The LSU Libraries Special Collections division began digitization efforts in 1991. Efforts are both project-driven and programmatic. Special Collections seeks to serve the research and teaching needs of faculty, the research and learning needs of students, and the research needs of the larger user community, which ranges from genealogists and novelists through historians, economists, and environmentalists. Internationally, historians of the American South and the international Francophone community are major constituencies.
Our collection development policies for materials in traditional formats strongly influence both our projects and our programmatic digitization efforts. Our goal is to grow digital collections that will enhance access to our artifactual collections and extend their utility by offering new tools for discovery and use.
We also emphasize collaboration with faculty and students, encouraging their participation in creating resources and tools that will be of immediate as well as long-term use. Students, in particular, benefit from the hands-on experience with digitization, which will serve them well regardless of their future career plans.
- To create digital assets that complement, extend, preserve (through reduced handling), and enhance our traditional collections, which have served scholars for more than five decades;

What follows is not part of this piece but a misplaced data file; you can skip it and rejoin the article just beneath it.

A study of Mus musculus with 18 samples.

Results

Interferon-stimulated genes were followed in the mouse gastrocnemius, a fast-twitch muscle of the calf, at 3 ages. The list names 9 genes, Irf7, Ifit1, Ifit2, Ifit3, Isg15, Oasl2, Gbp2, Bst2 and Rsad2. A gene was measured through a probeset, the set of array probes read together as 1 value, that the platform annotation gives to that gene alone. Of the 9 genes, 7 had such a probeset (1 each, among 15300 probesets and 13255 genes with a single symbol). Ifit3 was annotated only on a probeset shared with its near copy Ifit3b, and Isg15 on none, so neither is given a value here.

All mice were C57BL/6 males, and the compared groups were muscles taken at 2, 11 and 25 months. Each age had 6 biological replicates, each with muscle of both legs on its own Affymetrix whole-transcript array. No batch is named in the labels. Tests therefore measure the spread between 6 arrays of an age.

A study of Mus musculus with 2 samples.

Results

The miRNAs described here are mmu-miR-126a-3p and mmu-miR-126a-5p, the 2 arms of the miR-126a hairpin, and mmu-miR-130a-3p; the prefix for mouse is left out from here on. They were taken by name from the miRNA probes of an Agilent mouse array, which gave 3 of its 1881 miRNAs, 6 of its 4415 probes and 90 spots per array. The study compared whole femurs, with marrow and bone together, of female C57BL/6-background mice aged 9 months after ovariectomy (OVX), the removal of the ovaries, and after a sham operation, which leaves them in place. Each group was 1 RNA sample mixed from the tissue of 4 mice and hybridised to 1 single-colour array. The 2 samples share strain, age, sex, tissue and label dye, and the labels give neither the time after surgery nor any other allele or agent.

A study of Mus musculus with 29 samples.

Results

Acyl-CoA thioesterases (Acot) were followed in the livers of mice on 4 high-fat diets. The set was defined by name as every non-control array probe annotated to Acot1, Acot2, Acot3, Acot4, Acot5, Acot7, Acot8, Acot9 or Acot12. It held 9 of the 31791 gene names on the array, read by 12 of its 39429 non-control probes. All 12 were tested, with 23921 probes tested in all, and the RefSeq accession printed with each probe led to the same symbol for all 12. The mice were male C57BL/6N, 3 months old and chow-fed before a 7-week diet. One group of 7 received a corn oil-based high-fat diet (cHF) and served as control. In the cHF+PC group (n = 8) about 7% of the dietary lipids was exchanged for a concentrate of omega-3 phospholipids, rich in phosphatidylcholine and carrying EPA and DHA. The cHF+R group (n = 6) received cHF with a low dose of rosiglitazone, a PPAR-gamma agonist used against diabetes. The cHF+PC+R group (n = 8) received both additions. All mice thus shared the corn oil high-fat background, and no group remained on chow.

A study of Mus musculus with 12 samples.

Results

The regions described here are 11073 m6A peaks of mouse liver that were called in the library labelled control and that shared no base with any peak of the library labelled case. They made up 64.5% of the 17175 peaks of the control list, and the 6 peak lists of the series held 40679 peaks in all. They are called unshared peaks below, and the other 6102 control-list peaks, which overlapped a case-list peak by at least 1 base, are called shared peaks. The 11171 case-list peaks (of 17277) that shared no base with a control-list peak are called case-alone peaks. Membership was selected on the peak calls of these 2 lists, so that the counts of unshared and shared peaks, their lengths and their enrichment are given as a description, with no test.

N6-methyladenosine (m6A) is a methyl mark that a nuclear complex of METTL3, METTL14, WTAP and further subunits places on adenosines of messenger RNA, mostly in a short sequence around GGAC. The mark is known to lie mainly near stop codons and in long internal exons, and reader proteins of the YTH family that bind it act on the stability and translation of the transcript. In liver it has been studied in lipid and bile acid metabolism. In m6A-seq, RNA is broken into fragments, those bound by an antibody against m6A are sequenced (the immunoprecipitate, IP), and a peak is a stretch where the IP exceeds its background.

- By doing so, to better serve faculty, student, and other researchers' needs;
- To make Special Collections a lively and productive arena in which students and faculty are engaged in our collaborative educational endeavor to the mutual benefit of all.
Important functional goals include:
- Working with ITS to establish institutional policies for the long-term organization, maintenance, and accessibility of our digital assets;
- Participating in university-wide and state-wide digital initiatives, including consultation with the LOUISiana Digital Library to update and improve its user interface on an ongoing basis; and
- Continuing aggressive efforts to provide staff and equipment for digitization efforts through grants, donations, and additional institutional funding.
The Libraries' digital collections are presented in CONTENTdm software through the Louisiana Digital Library, a statewide repository of digital collections hosted by LOUIS: The Louisiana Library Network. LSU is the largest contributor to the Louisiana Digital Library, with more than 30 collections.